FPB 64-3 On Passage New Zealand to Papeete: Post 4

Today’s update from FPB 64-3 Iron Lady comes to you from Latitude 25 20 S/Longitude 161 59 W. Read on about the beauties of a night watch in the middle of the Pacific Ocean…

After a great stir fry dinner made by Steve last night, I went off watch at 2000.  Talked to Tevaka, the sailing cat that left Whangarei for Papeete when we did.  She is south and west of us.  Did the standard end of watch engine room checks and I was off to bed and asleep before my head hit the pillow.  Next thing I knew, Steve was waking me for my 0400 watch – it seems like I had been asleep for just minutes.  Gentle winds and seas do wonders.

When I arrived at the helm station, Steve had prepared a latte (from sachet) for me and we went thru the usual end of watch small talk – no ships sighted – no weather – boat running well, etc.  Then talk turned to Papeete and the things we wanted to get done when we got there so our sojourn could be brief before heading off to other islands.  Steve asked me to get the 0515 and 0615 weather faxes from ZKFL (New Zealand) on 9 meg.  We haven’t been able to receive any weather faxes for 2 days due to atmospherics, which sometimes interfere with HF communications.  Email over HF has been spotty as well but we have managed to get GRIB files so we have a good idea of what the weather patterns are, but it is nice to have the weather faxes back.  Then Steve was off to bed and I was alone at the helm.

There was a soft glow from the electronics which were set up in their night mode.  My new favourite setup for passage making is to have 2 displays set up for radar – one at 24 miles for long range target detection, and one at 6 miles for avoidance, but the last ship we saw was 1000 nautical miles ago – the Pacific Ocean is a big place.  The other display is set to display Maretron data which monitors the ship’s vitals, weather and performance data.  I will try to do a post on our blog later about it.  We do not need a chart display as navigation data (heading, course, track and cross track error) are overlaid on the radar displays.  We do carefully check our route for obstacles before doing this.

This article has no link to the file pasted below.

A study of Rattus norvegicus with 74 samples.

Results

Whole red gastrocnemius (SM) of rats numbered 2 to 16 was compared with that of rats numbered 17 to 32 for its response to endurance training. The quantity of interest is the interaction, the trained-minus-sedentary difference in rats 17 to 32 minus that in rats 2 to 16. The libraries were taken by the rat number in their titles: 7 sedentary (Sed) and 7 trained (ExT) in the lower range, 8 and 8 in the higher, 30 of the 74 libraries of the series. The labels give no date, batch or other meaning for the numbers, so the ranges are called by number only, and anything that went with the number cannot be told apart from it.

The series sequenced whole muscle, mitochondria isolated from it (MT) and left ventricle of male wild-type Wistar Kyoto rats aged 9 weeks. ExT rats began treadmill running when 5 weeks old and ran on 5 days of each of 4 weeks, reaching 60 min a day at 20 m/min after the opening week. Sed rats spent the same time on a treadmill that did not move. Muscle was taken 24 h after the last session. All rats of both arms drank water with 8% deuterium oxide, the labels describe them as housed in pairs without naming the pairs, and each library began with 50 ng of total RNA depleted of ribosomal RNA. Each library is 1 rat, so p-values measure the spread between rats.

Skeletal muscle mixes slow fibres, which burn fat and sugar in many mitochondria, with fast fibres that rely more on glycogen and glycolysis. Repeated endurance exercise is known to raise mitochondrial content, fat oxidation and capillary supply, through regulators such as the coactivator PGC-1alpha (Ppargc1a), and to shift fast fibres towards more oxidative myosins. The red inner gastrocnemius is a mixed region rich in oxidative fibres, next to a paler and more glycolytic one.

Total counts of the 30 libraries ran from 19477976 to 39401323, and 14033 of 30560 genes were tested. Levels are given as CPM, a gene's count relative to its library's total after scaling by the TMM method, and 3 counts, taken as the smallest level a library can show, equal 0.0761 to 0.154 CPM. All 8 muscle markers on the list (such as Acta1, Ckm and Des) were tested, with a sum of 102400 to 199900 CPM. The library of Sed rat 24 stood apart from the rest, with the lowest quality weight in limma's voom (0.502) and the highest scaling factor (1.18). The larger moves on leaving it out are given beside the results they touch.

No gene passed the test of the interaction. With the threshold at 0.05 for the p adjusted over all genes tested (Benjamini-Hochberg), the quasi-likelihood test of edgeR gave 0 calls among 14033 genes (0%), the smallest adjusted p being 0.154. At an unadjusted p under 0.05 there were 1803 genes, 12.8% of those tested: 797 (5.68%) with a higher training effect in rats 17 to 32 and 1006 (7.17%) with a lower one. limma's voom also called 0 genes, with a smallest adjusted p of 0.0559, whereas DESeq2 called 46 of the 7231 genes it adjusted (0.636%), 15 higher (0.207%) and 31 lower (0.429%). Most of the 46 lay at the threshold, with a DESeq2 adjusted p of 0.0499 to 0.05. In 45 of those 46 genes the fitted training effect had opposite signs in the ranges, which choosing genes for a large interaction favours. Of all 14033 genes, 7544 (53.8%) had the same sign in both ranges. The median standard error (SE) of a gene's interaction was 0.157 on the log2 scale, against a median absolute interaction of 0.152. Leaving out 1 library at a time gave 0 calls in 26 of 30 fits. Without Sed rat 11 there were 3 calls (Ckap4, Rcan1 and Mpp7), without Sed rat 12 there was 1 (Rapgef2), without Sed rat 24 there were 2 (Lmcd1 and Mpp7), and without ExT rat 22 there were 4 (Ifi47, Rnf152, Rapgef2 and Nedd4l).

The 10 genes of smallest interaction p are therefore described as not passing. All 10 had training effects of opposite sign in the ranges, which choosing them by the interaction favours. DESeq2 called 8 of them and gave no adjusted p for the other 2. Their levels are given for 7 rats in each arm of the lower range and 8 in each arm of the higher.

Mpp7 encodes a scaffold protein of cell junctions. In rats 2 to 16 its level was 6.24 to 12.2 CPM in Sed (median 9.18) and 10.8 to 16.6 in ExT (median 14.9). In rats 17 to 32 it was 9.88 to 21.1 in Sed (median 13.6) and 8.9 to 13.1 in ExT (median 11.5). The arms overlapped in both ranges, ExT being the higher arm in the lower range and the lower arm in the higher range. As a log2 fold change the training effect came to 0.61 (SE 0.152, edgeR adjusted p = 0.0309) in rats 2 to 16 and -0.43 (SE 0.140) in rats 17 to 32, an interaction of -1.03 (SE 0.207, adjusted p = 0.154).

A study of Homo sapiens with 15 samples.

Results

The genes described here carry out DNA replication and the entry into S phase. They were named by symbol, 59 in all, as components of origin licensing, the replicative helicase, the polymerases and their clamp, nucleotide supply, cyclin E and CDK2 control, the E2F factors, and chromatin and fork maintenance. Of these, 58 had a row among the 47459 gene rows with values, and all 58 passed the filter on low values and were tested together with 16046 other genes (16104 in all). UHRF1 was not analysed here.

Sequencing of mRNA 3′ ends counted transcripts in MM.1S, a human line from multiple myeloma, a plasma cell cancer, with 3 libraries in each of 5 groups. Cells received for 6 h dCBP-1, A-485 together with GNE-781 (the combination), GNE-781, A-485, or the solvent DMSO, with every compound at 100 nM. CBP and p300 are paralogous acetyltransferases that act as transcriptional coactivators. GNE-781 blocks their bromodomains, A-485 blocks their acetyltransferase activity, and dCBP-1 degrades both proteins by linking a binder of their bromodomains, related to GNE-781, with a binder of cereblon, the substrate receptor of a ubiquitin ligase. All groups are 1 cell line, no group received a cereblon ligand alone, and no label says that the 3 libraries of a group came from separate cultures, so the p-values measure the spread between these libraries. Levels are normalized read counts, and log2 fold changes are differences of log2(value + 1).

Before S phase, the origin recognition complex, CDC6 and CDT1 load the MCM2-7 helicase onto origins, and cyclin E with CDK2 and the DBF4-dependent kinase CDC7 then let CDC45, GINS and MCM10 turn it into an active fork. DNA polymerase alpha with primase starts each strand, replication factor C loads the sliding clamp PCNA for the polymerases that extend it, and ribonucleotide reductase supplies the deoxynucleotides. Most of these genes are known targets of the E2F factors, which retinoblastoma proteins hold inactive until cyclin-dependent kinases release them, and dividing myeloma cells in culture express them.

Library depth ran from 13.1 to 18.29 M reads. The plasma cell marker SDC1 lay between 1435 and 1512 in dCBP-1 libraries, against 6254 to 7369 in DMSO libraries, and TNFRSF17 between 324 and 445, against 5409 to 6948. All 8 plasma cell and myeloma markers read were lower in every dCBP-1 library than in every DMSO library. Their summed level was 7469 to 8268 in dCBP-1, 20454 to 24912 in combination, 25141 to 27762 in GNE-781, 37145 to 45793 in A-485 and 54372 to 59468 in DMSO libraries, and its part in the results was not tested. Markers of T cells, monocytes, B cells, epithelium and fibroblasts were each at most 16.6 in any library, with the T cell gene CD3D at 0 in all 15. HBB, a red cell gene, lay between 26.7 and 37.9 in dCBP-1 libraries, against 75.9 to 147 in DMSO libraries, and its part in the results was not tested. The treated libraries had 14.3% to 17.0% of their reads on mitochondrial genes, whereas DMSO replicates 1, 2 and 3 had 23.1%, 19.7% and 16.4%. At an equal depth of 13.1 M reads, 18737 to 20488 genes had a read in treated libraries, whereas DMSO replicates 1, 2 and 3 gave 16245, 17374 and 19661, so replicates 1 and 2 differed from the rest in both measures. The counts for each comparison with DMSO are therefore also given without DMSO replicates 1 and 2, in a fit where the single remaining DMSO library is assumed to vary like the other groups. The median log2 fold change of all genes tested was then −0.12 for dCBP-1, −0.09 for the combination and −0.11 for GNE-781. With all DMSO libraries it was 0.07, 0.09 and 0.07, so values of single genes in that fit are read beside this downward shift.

Outside, there was a full moon which lit up everything wonderfully.  Just a few cotton ball cumulus clouds and some high cirrostratus about.  The door to the aft deck was open and the air was warm and tropical.  I could hear the rush of the water past the hull and the steady beat of the John Deere.

The seas and winds were gentle from the WNW aft of the beam, and the chaotic seas of the last few days are behind us. Iron Lady was doing her usual 9.6 to 10 knots but it felt like we were flying thru space and time.  The whole experience was magical.

As my watch was ending I got to watch a beautiful sunrise and Roger came up for his watch.  I fired up the stove for a couple of lattes while Roger put our Shabby for an early morning swim.  We gave the boat a quick rinse, to get off the encrusted salt of the last few days so we could see clearly out the windows and spend some time on the aft deck and fly bridge enjoying a fine day.

We were just finishing our coffee when Shabby did his thing and invited a nice Mahi to join us for dinner.  No missed fish this time.

Now how good is all that.  On days like this, you hope the passage never ends.

Sorry – no pictures until I get to Papeete and reasonable wifi, but I will put this up on our blog with pics.


Posted by admin  (May 24, 2013)

One Response to “FPB 64-3 On Passage New Zealand to Papeete: Post 4”

  1. Brian Rickard Says:

    Thanks, Pete and crew, for the updates on your passage. The descriptions of your onboard routines and the environment at sea bring back fond memories for me.